William Henry Abdullah Quilliam (1856-1932)

© Liverpool Record Office, Liverpool Libraries
© Liverpool Record Office, Liverpool Libraries

Abdullah Quilliam was arguably the most influential and controversial British Muslim convert of the nineteenth and twentieth centuries, a fact acknowledged by his Muslim contemporaries in the Victorian and Edwardian periods.

William Henry Quilliam converted to Islam in the late 1880s in Morocco in his early 30s whilst travelling for health reasons, this after a lifetime of intense political and religious scrutiny in which he had questioned both the current condition of Christianity, its theology, attitudes towards contemporary moral issues and the various attitudes of the political parties towards equality, social injustice and foreign policies.

On conversion, Abdullah Quilliam was not content to practice his new faith, but immediately began to proselytise in his home city of Liverpool, finding premises to hold meetings for those interested. Abdullah Quilliam brought to his attempts to promote Islam, as the final truth of the Abrahamic monotheistic religion, considerable resources gleaned from his advocacy of temperance, trade unionism, and social equality in the city of Liverpool. As a satirical journalist and a very skilled defence advocate, he was already well-known in his home city as a significant figure who fought for the rights of the less privileged in society.

Always outspoken, he announced his conversion to Islam in the local media, and by 1893 was able to find premises in Brougham Terrace to be used as a mosque and meeting hall. His efforts to publicly promote Islam in the heart of the British Empire brought him to the attention of both the Ottoman Sultan and the Amir of Afghanistan. The former conferred upon him the title of Shaikh al-Islam of Great Britain and the latter sent his son to offer the Shaikh considerable financial resources which were used to expand the premises to include two Muslim schools, an orphanage, a museum of Muslim culture, a library and further education facilities for the city’s working classes.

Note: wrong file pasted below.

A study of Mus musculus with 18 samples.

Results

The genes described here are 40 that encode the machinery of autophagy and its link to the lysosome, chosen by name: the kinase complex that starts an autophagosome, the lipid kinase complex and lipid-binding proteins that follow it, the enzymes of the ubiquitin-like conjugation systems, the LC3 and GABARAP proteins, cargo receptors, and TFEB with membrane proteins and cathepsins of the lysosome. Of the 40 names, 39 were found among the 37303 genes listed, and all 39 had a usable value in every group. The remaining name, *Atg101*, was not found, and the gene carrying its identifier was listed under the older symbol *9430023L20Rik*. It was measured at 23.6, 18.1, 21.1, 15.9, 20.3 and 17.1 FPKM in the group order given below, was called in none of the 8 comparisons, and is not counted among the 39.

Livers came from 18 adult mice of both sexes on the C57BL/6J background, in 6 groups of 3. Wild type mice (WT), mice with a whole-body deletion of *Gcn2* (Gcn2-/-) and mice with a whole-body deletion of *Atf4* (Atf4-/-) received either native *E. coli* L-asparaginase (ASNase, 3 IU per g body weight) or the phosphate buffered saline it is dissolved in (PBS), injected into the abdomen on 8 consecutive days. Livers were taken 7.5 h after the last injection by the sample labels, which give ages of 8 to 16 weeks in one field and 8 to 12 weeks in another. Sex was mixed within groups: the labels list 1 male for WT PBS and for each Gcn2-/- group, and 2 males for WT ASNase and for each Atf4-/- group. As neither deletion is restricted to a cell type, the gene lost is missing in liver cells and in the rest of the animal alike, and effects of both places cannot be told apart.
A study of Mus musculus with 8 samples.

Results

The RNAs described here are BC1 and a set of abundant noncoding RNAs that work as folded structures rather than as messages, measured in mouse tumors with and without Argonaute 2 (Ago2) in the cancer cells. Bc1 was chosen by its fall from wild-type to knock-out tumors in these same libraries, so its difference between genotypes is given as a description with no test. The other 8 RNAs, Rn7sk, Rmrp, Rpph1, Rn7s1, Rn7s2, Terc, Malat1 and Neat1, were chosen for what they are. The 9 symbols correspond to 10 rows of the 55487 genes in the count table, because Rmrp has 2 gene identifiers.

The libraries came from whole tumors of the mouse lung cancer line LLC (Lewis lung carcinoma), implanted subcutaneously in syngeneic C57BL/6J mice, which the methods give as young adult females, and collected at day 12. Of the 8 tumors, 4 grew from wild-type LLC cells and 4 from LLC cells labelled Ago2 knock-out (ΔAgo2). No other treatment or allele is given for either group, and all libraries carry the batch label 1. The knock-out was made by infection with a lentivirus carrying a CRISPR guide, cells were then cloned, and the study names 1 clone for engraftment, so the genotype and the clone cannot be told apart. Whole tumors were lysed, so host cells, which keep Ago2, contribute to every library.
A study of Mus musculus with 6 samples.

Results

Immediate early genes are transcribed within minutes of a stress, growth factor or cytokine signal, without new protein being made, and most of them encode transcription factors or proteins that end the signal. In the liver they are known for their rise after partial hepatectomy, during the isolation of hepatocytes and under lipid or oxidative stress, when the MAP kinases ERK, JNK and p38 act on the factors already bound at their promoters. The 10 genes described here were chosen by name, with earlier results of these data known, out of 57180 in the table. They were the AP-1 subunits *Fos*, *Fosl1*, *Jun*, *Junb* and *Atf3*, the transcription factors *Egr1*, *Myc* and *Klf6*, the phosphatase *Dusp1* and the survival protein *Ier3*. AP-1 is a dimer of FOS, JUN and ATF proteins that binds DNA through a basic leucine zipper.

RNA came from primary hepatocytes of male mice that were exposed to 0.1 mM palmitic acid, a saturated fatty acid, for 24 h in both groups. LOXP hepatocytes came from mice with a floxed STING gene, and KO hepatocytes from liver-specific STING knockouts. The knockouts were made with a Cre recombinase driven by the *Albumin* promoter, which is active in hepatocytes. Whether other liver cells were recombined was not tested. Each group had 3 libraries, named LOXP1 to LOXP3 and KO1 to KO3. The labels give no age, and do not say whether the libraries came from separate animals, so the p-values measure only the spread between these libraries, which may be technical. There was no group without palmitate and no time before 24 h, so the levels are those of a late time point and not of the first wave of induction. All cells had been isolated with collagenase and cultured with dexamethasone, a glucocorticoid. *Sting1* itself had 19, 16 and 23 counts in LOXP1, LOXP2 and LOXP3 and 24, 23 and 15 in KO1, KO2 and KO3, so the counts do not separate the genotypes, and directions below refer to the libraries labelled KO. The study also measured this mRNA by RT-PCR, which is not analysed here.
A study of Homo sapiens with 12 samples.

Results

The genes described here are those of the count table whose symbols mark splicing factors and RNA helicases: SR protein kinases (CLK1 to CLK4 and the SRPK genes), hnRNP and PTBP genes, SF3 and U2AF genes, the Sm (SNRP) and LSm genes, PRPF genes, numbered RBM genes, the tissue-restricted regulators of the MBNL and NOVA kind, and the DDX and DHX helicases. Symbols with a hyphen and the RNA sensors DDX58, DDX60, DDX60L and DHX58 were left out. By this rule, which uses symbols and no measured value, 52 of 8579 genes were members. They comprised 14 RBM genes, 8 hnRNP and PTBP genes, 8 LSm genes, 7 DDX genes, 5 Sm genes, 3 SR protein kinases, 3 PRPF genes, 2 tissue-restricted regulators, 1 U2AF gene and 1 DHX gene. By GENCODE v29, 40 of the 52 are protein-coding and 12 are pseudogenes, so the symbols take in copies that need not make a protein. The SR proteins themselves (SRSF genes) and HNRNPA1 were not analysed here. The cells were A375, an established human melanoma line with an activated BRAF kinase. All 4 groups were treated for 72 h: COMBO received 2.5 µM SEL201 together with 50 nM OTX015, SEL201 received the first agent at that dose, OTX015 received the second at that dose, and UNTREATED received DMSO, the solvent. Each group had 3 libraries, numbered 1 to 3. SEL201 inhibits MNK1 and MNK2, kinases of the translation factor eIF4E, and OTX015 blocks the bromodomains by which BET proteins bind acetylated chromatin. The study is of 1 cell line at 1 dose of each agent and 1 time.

The Shaykh was to use these facilities to publish a weekly Muslim newspaper and a monthly journal. His newspaper went out to over eighty Muslim nations and brought Abdullah Quilliam to the attention of the wider Muslim world. His efforts to establish Islam in Britain involved the conversion of over 250 individuals and families in Liverpool alone, but he was also the major contributor to the conversion or education of many of the main figures in British Islam of his era. His efforts also extended to assisting Muslim converts and settlers in Australia, Canada, New Zealand and the USA. Through his activities Quilliam was able to bring together the various constituents of the nineteenth century Muslim presence in Britain and draw upon the resources of the mosque in Liverpool to create a hub around which all the, often itinerant, foreign Muslim presences in Britain could cohere and created a unique community comprised of converts, Lascars, Muslim students and rich Muslim travellers.

His forthrightness, particularly with regard to British foreign policy and colonial expansion into Muslim territory, would raise issues of loyalty and citizenship. The Shaikh insisted that he was ‘a loyal British subject by birth and a sincere Muslim from conviction’. His challenge was to offset the prevalent view of Islam and to present it as the religion of reason allied to the values of toleration and moderation that public opinion insisted were part of the British worldview. His dilemma remains pertinent to the contemporary political domain and the demands on the children of the mid-twentieth century Muslims in Britain who remain caught between proving their loyalty to their country of birth yet true to the teachings of their religion.